BU Wins Sixth Straight America East Commissioner’s Cup
Terriers also take sportsmanship, service awards| From BU Today | By Leslie Friday
President Robert A. Brown with last year’s Commissioner’s Cup at Agganis Arena. Photos courtesy of BU Athletics
Boston University swept the America East conference awards in June, capturing top honors for its athletic program, sportsmanship, and community service.
This marks the 6th straight year and the 11th time in its history that BU has received the Stuart P. Haskell, Jr. Commissioner’s Cup, which recognizes the strongest athletic programs in America East as determined by a scoring system that allocates points according to a school’s success in the regular season and championship competitions across the conference’s 20 sports. Earning this year’s cup makes BU the winner of the most Commissioner’s Cups in America East history.
“What makes us successful is the fact that everybody works together here,” says Michael Lynch, assistant vice president and director of athletics. “Each team always goes out, plays hard, and expects to win.”
BU women’s coxswain Alex Thornton (CAS’11)
In addition to the Commissioner’s Cup, women’s coxswain Alex Thornton (CAS’11) was honored with the America East/College for Every Student (CFES) Service Award, and BU’s swimming and diving teams shared the Sportsmanship Award with all the conference swimming and diving teams.
The Terriers won conference championships this past season in men’s basketball, women’s soccer, women’s tennis, and men’s cross country and took second place in six sports: softball, women’s basketball, men’s and women’s swimming and diving, and women’s indoor and outdoor track.
Their strong performance meant BU earned 388 points under the conference’s scoring system. The University of Albany came in second, with 353 points, and the University of Maryland, Baltimore County, placed third, with 289 points.
“Every year it gets more challenging for us to maintain the level of success that we’ve had,” Lynch says. “I think it’s easier to get to the top than it is to stay there. That’s why I’m more satisfied with our continued success.”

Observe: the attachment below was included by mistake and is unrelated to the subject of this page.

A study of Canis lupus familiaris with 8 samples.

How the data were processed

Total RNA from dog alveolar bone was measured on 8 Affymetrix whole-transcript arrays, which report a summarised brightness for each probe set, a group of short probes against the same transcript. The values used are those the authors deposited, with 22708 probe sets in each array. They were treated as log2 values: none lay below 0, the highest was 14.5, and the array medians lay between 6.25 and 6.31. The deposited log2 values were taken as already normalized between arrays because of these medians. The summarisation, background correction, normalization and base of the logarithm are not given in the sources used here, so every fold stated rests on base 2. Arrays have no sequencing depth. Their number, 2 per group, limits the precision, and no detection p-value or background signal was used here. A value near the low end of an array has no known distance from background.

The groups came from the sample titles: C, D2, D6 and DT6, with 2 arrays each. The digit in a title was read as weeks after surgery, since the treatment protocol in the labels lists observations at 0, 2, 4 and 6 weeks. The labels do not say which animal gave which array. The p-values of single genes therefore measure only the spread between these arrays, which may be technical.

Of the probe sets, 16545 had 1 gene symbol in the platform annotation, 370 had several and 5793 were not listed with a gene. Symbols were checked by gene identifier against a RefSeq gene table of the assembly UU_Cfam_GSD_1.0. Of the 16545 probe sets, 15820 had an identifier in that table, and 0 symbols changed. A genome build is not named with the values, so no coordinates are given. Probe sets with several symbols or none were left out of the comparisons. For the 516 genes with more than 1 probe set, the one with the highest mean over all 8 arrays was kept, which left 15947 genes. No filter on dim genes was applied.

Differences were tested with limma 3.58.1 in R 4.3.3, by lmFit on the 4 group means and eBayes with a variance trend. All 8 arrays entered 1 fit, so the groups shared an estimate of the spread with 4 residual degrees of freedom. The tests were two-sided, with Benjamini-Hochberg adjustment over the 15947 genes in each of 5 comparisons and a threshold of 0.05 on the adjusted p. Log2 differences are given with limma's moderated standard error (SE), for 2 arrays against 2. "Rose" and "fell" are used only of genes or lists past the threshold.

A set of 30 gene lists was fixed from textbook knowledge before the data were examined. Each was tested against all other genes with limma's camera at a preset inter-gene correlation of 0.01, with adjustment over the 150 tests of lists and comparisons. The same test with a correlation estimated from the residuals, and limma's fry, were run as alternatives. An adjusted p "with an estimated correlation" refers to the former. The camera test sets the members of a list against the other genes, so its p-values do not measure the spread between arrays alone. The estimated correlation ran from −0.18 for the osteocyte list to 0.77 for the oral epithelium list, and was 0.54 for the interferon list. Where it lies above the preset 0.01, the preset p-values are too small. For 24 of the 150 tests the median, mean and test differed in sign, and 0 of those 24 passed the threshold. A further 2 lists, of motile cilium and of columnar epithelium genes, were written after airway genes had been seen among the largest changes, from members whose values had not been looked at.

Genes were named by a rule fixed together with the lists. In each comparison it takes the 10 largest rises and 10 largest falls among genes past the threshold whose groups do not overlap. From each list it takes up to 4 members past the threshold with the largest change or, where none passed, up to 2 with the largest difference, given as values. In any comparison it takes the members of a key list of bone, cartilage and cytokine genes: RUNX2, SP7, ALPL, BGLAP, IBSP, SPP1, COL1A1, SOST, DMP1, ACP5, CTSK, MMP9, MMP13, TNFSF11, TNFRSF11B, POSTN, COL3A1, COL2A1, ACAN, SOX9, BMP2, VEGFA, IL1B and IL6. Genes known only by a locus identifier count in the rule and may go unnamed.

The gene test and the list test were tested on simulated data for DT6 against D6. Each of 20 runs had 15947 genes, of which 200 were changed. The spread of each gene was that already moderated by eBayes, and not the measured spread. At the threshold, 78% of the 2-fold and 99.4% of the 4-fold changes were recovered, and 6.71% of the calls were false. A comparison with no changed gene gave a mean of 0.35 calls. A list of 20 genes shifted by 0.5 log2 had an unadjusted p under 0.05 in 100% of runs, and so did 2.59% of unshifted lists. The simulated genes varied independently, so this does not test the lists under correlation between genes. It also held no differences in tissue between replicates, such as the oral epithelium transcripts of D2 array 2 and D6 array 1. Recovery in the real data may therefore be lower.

BU diver Bailey O’Brien (SAR’12)
This year’s Sportsmanship Award went to all the swimming and diving teams in the conference for their support of BU diver Bailey O’Brien (SAR’12), who is battling lymphoma. During the February championship, held at UMBC in Baltimore, Md., athletes raised more than $1,500 for the Bailey O’Brien Fund, set up to help Bailey’s family pay for her medical care. The teams paid tribute to O’Brien at the event by joining hands around the pool and raising them in support of the accomplished diver.
O’Brien, who was receiving treatment at the time, was able to see the event via Skype. “There wasn’t a dry eye in the place,” says Bill Smyth, BU swimming and diving head coach.
Smyth nominated the swimming and diving teams for the Sportsmanship Award. “The circumstances that brought it about were unfortunate,” he says, “but at the same time it really made me honored to say that I’m part of the America East conference.”
O’Brien is now in remission and plans to return to BU in the fall.
Thornton received the first-ever America East/CFES Service Award for coordinating a mentoring program between BU athletes and students at the Jackson Mann School in Allston. Athletes worked with approximately 80 sixth, seventh, and eighth graders at the public school throughout the year, taking them to lunch, giving them tours of BU, and visiting them at the school.
“The main message we were driving home is that these kids can go to college,” Thornton says. “It’s an opportunity for them. It’s not a distant possibility.”
Women’s rowing head coach Stacey Rippetoe describes Thornton as “one of the best kids I’ve ever coached.” Thornton helped the team win both the Head of the Charles and the Championship Four in 2009.
A Scarlet Key recipient, the former coxswain juggled sports and school obligations with additional volunteering while at BU. She read to elementary students during the holiday season, taught women cancer survivors how to row, and participated in the Making Strides Against Breast Cancer walks.
Volunteering is fun, says Thornton. “When something is enjoyable and fun, I think it makes it a million times easier.”